Japanese banks caught playing a risky game

Having just emerged from a financial crisis, Japan again faces the risk of mounting bank failures – this time owing to their insatiable appetite for hedge funds.

That, at least, is the message coming from the financial regulator as it finalises guidelines that would force Japanese banks to increase substantially their capital reserves against their exposure to certain hedge funds.

The Financial Services Agency’s new rules, based on the Bank for International Settlement’s Basle II standards, will from next March force banks to provide increased information on the hedge funds they invest in or put aside higher reserves that would make those investments economically unattractive for many banks.

This requirement is particularly difficult to meet for the large number of regional banks that invest in funds of hedge funds or multi-strategy funds, and has triggered widespread redemptions and sales of hedge funds. In the past year, at least $4.5bn worth of hedge fund investments has been sold or redeemed by Japanese banks.

The changes are expected to deter further investments in hedge funds by any but the most well capitalised banks. If the new rules had not been as onerous, “we would have increased our exposure [to hedge funds] rather than reduced it”, says an official at one bank, which has sufficient capital to maintain most of its hedge fund investments.

The FSA’s proposals have triggered criticism that it is being unnecessarily stringent. Funds of hedge funds, which have been most hit by the new rules, are diversified and have low volatility, bankers argue. “It’s completely random,” says an insider at a leading bank.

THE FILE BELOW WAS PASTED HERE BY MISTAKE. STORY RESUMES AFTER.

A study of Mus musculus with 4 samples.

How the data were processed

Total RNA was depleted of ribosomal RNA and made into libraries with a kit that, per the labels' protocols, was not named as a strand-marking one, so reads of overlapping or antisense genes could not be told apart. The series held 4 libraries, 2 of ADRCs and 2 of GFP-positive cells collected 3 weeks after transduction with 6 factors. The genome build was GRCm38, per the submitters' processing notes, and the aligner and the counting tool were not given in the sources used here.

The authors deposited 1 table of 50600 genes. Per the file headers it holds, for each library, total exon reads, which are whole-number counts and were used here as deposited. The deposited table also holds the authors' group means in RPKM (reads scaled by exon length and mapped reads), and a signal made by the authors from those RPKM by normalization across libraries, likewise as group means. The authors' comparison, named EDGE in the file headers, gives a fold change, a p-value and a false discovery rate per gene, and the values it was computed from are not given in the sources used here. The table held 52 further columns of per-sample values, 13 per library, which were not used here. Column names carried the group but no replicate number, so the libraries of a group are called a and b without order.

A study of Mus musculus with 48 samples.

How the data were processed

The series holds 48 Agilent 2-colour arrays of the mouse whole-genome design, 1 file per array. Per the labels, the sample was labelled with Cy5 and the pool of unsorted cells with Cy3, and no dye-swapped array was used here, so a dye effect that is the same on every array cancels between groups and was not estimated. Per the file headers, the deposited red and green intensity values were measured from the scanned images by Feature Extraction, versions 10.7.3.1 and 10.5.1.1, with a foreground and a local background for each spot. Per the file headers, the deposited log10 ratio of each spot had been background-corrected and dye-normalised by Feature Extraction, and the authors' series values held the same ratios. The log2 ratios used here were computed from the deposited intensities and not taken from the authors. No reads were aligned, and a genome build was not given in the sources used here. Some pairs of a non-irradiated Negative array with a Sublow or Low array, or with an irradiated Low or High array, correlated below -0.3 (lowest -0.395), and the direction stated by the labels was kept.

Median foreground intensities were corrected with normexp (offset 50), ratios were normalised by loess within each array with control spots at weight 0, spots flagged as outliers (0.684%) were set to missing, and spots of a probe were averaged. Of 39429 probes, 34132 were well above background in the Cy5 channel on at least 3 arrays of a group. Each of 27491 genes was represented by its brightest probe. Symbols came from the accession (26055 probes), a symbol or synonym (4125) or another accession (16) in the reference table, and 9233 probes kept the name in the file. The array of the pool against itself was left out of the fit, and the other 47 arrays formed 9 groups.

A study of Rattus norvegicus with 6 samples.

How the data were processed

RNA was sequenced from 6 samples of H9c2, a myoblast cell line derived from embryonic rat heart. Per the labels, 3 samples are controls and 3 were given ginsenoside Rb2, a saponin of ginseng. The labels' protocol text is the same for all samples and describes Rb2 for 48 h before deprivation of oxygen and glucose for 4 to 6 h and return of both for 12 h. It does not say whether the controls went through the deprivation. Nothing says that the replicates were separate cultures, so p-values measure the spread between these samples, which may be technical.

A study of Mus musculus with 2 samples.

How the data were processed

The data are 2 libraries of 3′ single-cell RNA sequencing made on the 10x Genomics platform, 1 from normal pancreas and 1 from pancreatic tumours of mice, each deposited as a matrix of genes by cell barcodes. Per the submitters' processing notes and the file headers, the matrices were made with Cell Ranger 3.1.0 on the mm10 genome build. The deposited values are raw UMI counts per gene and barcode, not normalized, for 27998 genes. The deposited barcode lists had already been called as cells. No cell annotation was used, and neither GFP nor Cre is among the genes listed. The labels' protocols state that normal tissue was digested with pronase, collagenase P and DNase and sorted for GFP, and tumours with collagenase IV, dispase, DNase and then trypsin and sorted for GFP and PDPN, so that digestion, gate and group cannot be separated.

For example, the new rules give a much higher risk weighting to hedge fund funds-of-funds than to private equity funds. But “that is seriously counterintuitive because [with private equity] you lock up your fund for seven to eight years”, says one banker.

By making it uneconomical to invest in many hedge funds, the FSA is robbing Japanese banks of the opportunity to learn the kind of sophisticated financial techniques they need to improve their performance in the years ahead, argues another.

The pending rule change has encouraged at least one bank to consider moving its hedge fund investment offshore.

However, given Japan’s recent history of bank bail-outs, the FSA might be forgiven for feeling nervous.

The regulator is concerned that the regional banks, in particular, are pouring money into products they do not understand. “People put their money in the bank because they believe it is safe. Is it OK to take those deposits and invest them in products they don’t understand?” says a senior official.

When the investment is in a fund of hedge funds, it becomes more difficult to see what the underlying investments are in, he points out. “Hedge funds don’t want to reveal what they are invested in, particularly market-based funds that trade daily,” the FSA official says.

It does not help that Japanese banks have been burnt by so-called “heaven-and-hell bonds”, or dual currency bonds that have been popular because of the high returns offered in the first few years but often lead to principal losses.

The regulator is also unhappy that the regional banks are not as focused on their core business of lending as they should be. Some Japanese regional banks have as much as Y1,000bn ($8.4bn) invested in marketable securities, against deposits of Y2,000bn to Y3,000bn.

Nevertheless, faced with strong criticism, the FSA is preparing to compromise by allowing banks to lower the risk charged to hedge funds by providing documentation showing that the fund is not invested in the riskiest products.